Of course if anyone who knew what they were doing could use the assembly Reflector and extract the JS or CSS. But that would be a heck of a lot more work than just using something like FireBug to get at this information. A regular end user is unlikely to have the desire to go to all of this trouble just to mess with the resources. Anyone who's interested in this type of thing is likely to be a malicious user, not the end user. You have probably got a lot of other problems with regards to security if a user is able to use a tool like the assembly reflector on your DLL because by that point your server's already been compromised. Security was not the factor in my decision for embedding the resources.
The point was to keep users from doing something silly with these resources, like delete them thinking they aren't needed or otherwise tamper with them.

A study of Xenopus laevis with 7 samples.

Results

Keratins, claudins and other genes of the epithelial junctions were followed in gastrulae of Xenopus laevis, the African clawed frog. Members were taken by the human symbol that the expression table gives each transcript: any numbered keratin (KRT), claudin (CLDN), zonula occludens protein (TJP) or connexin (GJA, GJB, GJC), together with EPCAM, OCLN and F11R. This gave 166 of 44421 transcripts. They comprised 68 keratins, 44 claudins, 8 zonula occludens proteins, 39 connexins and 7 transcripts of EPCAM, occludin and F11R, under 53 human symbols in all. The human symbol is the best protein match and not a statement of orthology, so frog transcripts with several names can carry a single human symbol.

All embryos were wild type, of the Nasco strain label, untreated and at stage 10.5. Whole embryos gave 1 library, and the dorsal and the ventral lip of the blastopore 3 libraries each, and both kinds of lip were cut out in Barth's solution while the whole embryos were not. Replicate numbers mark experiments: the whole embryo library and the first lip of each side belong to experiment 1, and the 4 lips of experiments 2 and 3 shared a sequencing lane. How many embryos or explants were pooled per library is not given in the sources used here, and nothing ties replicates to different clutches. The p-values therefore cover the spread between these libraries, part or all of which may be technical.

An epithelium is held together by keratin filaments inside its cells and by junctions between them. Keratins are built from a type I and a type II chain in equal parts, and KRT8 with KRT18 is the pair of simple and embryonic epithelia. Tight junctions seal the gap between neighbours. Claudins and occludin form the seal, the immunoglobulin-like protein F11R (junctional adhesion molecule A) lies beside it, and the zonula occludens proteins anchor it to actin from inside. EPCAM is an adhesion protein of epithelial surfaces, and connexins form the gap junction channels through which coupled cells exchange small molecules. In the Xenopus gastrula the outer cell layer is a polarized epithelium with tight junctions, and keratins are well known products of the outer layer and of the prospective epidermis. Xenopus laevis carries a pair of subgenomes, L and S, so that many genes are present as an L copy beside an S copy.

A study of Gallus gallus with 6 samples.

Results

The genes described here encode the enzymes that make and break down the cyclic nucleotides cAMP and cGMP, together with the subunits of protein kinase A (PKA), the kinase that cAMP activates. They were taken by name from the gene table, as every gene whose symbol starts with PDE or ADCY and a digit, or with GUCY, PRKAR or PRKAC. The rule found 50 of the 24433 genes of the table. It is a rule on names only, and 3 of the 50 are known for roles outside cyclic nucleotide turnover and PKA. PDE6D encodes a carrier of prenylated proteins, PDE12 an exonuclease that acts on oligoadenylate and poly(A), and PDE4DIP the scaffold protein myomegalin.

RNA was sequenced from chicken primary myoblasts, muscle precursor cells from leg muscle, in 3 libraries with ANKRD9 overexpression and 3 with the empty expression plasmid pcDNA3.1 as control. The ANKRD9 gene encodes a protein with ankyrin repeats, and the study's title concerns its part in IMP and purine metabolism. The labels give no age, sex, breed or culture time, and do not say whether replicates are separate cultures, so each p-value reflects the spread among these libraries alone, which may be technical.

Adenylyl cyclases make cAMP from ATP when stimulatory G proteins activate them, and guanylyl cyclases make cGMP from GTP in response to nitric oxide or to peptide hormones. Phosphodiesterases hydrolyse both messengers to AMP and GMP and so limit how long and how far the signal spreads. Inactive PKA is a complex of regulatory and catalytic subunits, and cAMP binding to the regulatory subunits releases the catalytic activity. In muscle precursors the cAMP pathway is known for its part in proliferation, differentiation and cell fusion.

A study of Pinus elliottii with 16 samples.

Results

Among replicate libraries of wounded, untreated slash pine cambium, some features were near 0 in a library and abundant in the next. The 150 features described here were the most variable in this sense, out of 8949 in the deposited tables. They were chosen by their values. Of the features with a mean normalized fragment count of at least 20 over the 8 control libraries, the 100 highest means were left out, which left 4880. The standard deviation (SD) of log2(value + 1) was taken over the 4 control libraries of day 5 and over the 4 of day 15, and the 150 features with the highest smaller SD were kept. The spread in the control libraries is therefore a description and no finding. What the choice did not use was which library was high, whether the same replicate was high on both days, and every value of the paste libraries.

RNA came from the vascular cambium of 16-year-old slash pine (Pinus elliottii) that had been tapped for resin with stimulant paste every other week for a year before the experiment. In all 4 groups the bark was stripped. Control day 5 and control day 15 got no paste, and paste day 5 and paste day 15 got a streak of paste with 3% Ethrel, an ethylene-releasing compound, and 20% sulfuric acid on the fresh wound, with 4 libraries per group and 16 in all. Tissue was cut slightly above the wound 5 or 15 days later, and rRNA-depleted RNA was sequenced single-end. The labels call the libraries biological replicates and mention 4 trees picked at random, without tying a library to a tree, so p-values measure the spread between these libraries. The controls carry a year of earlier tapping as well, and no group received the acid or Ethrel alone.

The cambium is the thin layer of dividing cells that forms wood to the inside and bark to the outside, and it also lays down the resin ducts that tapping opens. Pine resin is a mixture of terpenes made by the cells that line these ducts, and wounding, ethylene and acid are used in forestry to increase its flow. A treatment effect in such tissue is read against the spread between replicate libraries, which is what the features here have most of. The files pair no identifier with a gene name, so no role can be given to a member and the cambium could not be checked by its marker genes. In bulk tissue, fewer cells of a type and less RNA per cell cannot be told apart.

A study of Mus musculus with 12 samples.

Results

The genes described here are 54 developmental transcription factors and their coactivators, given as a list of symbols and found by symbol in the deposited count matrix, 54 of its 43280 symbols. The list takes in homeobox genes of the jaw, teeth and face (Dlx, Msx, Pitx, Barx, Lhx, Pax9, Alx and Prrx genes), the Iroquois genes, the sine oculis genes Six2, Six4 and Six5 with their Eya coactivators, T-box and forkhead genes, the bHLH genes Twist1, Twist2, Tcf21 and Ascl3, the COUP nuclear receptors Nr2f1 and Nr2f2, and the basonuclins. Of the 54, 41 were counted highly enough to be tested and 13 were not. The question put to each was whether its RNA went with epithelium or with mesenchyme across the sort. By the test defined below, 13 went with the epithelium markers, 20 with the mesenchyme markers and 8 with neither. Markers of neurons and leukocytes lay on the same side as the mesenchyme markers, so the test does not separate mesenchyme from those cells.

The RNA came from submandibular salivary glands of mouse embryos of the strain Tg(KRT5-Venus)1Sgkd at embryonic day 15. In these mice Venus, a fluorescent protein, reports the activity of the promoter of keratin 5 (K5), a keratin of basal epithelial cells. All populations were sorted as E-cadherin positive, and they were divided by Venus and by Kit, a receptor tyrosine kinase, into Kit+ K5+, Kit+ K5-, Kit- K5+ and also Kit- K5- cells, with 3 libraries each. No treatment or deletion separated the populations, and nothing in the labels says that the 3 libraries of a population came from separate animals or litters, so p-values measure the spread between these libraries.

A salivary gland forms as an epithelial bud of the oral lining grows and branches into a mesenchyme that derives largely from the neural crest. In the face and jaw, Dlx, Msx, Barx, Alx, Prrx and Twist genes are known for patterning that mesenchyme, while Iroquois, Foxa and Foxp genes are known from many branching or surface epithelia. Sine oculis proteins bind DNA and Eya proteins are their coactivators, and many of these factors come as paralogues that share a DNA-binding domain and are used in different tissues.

It's also a lot easier to package the application for deployment purposes because there are less files involved.
It's true that the DLL (class library) used by the pages is bigger, but this does not make the pages any bigger. ASP.NET generates the content that needs to be sent down to the client (the browser). There is no more content being sent to the client than what is needed for the page to work. I do not see how the class library helping to serve these pages will have any effect on the size of data being sent between the client and server.
I still haven't been able to test the performance differences between using embedded resources, resex, and single files because I've been busy with my on endeavors. Hopefully I'll get to it later today because I am very curious about this and the browser caching point Rjlopes has raised.